Introducing Royal Manas National Park
After years of being off-limits due to security concerns this remote and enticing national park is now open to visitors. The park is little known, even among agents in Thimphu and facilities are still limited: only 27 foreigners visited in 2011.
The park's forests are home to a wide variety of animals, including elephants, water buffalos, leopards, between 30 and 50 tigers, clouded leopard, civets, rhinoceros and 350 species of birds. The park abuts the Manas National Park in Indian Assam, forming a transnational conservation area.
Tourism is very much in its infancy here. Agencies can arrange jeep and elephant safaris from the central Manas camp ranger office, as well as boat trips down the Manas between Panbang and Manas camp. November to March are the best months to visit. There are several tsechu festivals in the region in the 10th Bhutanese month (November).
Access is still tricky as there are few roads into the park. Perhaps the best way to experience the park is to make the three- or four-day hike from Gomphu (1460m) to Panbang, overnighting in community-managed campground at Pangtang (240m), Shillingtoe (420m), Changzam bridge and Pangbang river junction (160m). Expect to walk between four and six hours per day. All campgrounds have toilets, water and twin log cabins. Gomphu is itself a three-hour drive from Zhemgang and boasts a lhakhang, a cremation site and the Duenmang Tshachhu hot spring (a two-hour walk away). A new road shadows the trek route, but a lack of bridges across the Mangde Chhu means there is currently little traffic.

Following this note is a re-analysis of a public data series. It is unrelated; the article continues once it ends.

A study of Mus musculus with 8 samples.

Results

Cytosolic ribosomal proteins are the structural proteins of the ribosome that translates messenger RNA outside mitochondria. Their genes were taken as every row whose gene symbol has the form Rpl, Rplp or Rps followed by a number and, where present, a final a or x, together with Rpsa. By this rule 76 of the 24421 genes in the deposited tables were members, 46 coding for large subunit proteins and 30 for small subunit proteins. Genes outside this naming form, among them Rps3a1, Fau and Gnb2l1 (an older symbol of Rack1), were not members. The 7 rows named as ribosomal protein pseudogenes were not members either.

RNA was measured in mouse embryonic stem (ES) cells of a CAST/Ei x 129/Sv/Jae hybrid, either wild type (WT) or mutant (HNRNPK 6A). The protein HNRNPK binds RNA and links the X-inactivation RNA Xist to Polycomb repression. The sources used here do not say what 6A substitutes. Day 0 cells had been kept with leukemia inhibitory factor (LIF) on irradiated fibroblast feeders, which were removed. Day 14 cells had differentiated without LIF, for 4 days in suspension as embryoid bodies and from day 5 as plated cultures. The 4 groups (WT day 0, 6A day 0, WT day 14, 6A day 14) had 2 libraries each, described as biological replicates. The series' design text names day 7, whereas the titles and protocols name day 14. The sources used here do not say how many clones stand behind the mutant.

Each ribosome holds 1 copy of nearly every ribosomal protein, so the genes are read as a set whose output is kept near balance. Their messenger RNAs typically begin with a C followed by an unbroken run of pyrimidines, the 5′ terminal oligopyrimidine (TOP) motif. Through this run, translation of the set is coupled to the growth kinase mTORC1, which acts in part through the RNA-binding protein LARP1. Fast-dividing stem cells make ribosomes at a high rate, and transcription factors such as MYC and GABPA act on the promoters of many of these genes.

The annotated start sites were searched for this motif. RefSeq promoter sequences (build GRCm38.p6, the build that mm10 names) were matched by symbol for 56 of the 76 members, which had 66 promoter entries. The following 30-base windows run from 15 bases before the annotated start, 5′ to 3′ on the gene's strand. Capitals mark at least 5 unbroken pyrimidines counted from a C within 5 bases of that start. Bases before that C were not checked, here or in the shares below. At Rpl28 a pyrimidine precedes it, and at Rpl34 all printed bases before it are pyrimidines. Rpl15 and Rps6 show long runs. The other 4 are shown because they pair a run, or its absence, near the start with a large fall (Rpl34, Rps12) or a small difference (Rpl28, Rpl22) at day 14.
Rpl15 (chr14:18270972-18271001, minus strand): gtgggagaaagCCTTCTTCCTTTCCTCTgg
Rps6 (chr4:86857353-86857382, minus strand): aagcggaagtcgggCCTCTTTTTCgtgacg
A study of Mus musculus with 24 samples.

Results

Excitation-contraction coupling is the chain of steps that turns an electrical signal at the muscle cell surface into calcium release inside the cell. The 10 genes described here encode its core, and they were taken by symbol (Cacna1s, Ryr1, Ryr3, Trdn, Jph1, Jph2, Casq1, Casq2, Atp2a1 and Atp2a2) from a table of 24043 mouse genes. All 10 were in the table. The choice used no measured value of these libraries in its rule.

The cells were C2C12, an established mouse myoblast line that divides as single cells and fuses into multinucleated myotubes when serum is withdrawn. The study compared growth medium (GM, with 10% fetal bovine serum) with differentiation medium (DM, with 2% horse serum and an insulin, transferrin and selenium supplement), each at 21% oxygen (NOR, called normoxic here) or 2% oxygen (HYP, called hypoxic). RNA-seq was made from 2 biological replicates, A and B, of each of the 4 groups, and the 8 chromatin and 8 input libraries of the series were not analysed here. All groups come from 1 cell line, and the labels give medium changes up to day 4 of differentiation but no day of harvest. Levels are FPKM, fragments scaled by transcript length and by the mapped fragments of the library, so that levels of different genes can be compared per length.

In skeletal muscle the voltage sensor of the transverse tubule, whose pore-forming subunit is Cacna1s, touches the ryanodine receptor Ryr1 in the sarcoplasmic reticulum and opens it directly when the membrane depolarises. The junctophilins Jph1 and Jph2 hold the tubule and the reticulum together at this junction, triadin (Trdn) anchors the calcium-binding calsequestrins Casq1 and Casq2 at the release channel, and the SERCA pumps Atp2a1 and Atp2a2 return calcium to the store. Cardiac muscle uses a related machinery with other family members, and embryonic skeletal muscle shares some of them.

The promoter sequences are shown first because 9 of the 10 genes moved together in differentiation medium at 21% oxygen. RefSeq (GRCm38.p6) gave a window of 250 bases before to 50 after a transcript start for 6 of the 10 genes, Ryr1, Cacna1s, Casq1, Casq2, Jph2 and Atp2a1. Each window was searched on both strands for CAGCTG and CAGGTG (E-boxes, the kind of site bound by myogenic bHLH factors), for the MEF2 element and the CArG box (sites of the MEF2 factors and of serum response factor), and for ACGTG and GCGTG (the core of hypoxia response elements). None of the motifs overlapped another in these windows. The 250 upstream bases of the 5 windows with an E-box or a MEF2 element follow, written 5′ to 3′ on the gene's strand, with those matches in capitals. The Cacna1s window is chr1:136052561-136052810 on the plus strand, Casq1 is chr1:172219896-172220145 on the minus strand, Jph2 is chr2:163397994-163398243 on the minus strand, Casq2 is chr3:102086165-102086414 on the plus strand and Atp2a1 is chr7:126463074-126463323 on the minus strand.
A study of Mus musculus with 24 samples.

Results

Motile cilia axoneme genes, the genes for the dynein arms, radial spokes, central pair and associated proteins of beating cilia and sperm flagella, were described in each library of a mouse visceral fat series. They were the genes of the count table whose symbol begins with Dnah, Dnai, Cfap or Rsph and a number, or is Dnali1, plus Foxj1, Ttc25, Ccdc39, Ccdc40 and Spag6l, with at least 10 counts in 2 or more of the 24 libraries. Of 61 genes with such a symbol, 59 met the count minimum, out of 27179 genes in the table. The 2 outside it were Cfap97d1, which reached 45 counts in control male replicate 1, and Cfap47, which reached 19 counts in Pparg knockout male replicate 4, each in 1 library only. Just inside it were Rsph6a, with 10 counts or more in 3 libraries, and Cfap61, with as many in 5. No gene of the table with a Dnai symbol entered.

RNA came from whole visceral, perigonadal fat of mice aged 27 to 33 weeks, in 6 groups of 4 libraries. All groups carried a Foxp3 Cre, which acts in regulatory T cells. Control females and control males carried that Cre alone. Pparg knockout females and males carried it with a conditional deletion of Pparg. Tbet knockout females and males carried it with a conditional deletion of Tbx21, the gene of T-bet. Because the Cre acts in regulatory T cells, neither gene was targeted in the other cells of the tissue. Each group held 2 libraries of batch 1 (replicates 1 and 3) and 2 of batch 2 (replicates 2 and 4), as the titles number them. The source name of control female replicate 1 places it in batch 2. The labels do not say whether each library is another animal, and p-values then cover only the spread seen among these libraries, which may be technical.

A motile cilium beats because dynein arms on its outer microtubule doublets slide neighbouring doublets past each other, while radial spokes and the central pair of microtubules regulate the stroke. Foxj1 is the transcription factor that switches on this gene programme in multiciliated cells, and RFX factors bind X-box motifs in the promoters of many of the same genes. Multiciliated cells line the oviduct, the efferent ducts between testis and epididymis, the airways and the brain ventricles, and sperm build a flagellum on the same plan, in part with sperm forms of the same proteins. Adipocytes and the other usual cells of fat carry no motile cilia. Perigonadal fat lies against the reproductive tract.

The easiest road access to Pangbang village is actually from Mathanguri in India, just a short boat ride across the Manas River from Manas camp. A little-used 25km road leads from Gelephu to Kanamakra at the southwestern corner of the park and there is also a road entering the park from Nganglam in the east. Depending on your itinerary you may need double-entry Indian and Bhutanese visas, so check with your agent.